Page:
Sukkot: A Different Kind of Festival
The ancient festival of Sukkot has numerous elements to it. First is the Sukkah. We value our homes and the security of our little palaces, yet during Sukkot, we set up temporary accommodation in which we are expected to eat, sleep, and live for a week just as the weather in the Northern Hemisphere begins to turn cold and wet.
This is because some three and a half thousand years ago, our forefathers lived in the Sinai Desert, and used temporary huts for shade according to one version of our history. In another version, the Sukkah symbolizes the protection God extended over us then and continues to do so now. It is an example of the dichotomy between religion as a functional system as well as a spiritual one.
The Sukkah started life as a simple watchman’s outpost in the fields during harvest time, to guard the crops against humans and animals. What was once a rickety shack or hut thrown together with a canopy of branches and leaves, has now been transformed by affluence into a luxurious prefabricated enclosure, often with electronically operated retractable roofs that respond to a drop of rain. And as the structures have grown sturdier, so too has the plethora of detailed laws and refinements to deal with them.
It is not just the Sukkah that has been transformed. We now pay astronomical sums for the lemon-like Etrog, a palm branch, willows, and the myrtle leaves that we shake at home and in our synagogues at pre-determined moments in the day.
Ever since the Babylonian Exile, there was a split between Jews who refused to interpret and modify Torah law to suit different circumstances, and those who stuck relentlessly to the literality of the text. The literalists agreed to build huts for the festival. But they understood the text of the Torah that talks about the Four Plants, to mean that they were supposed to make up the roof, the Schach of the Sukkah, not to be taken separately to be shaken in the Temple or synagogue.
Then there is a layer of custom, initiated by the prophets associated with rain on the festival. Simchat Beit HaShoeva, started as a procession around the Well House in the Temple, asking for the rains to come. It continues to this day with lively dancing and singing each night in Orthodox enclaves during the intermediary days of Sukkot. The sixth day, Hoshana Rabba, the last intermediary day, still focuses on rain. We beat willow branches as if to squeeze out the last drop of precious liquid from them. Today, the world at large is so preoccupied with rain, nature, and climate. Yet this has been part of Judaism for centuries.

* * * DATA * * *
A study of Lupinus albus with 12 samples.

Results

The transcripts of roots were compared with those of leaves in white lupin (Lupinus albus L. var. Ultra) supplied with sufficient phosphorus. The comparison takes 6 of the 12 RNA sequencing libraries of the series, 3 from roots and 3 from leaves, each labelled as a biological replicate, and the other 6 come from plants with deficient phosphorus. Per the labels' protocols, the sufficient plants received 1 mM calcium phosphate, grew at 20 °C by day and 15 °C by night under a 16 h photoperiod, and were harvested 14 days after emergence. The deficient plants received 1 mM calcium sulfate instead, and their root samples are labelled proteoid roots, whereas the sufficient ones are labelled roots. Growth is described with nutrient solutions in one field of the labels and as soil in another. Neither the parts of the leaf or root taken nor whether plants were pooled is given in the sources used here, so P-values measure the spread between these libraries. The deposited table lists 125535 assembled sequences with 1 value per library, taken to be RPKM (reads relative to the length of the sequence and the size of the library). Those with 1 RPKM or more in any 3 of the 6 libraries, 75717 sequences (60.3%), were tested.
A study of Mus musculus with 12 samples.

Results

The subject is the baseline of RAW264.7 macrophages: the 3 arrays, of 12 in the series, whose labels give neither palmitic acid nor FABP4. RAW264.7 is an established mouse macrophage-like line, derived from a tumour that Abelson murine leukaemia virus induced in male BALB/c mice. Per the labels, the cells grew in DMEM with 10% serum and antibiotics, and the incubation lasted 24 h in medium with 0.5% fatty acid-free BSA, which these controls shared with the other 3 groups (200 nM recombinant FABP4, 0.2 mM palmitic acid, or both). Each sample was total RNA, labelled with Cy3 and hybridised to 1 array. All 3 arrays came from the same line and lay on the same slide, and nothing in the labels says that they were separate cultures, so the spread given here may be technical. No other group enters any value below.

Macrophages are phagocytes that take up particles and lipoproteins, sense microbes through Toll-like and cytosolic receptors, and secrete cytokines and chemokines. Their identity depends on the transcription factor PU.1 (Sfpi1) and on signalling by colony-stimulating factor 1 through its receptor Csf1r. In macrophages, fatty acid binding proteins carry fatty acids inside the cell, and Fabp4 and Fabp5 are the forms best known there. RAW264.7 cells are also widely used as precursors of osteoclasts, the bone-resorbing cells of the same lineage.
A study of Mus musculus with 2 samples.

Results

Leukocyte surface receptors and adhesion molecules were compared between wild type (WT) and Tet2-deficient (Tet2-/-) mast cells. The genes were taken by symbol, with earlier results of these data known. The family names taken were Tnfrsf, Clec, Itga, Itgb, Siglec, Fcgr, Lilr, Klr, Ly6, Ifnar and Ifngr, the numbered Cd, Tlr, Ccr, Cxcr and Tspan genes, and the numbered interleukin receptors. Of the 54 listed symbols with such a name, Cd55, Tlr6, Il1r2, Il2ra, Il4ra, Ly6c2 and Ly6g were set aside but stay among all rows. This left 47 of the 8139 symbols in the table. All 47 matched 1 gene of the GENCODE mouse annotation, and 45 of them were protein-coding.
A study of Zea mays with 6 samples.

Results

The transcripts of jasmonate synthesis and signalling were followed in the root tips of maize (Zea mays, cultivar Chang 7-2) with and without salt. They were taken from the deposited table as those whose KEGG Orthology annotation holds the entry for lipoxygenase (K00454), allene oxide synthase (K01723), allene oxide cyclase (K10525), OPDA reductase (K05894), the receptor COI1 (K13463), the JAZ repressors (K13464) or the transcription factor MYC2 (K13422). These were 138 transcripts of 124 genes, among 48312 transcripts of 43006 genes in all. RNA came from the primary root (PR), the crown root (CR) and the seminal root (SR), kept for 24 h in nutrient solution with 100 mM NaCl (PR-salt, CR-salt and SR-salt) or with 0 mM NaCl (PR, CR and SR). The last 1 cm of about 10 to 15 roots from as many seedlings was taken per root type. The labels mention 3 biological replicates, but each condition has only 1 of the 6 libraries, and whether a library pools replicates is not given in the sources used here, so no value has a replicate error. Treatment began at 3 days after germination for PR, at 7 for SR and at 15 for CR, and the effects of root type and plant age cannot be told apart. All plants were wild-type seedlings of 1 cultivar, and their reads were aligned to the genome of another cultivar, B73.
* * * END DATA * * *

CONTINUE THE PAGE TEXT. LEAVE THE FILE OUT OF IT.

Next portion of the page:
On the last day, there is a separate festival to round it all off — Shmini Atzeret — the gathering of the Eighth Day, which in Israel combines with Simchat Torah to celebrate the completion of the annual cycle of reading the Torah. In the Diaspora, Simchat Torah is the following day. We sing, we dance, and make merry over our holy text.
Over the years, the festival of Sukkot has gathered new facets, new customs, and new significance. Little stays still in Judaism, though many people seem to think otherwise. It is just that change develops in a slow, conservative process of consensus as well as local custom.
Like Sukkot itself, our rituals remind us of the changing seasons and times, and bring us into contact with touches, smells, and experiences that we normally take for granted. They emphasize the natural world (and our obligations to be caring custodians of it), as well as the spiritual. They meet our need to put ourselves in situations where we might sense things of a more ethereal nature. Above all, they interlink social morality and responsibility with daily rituals, so that we are constantly reminded of our values and goals.
The fact that some humans are impervious in their abandonment of these traditions, or that others refuse to link ritual to their greater values, does not detract from the purpose or from the benefits that such a system offers. It is this loyalty to our traditions that has helped us survive both as a people and a way of life. Chag Sameach.
The author is a writer and rabbi currently living in New York.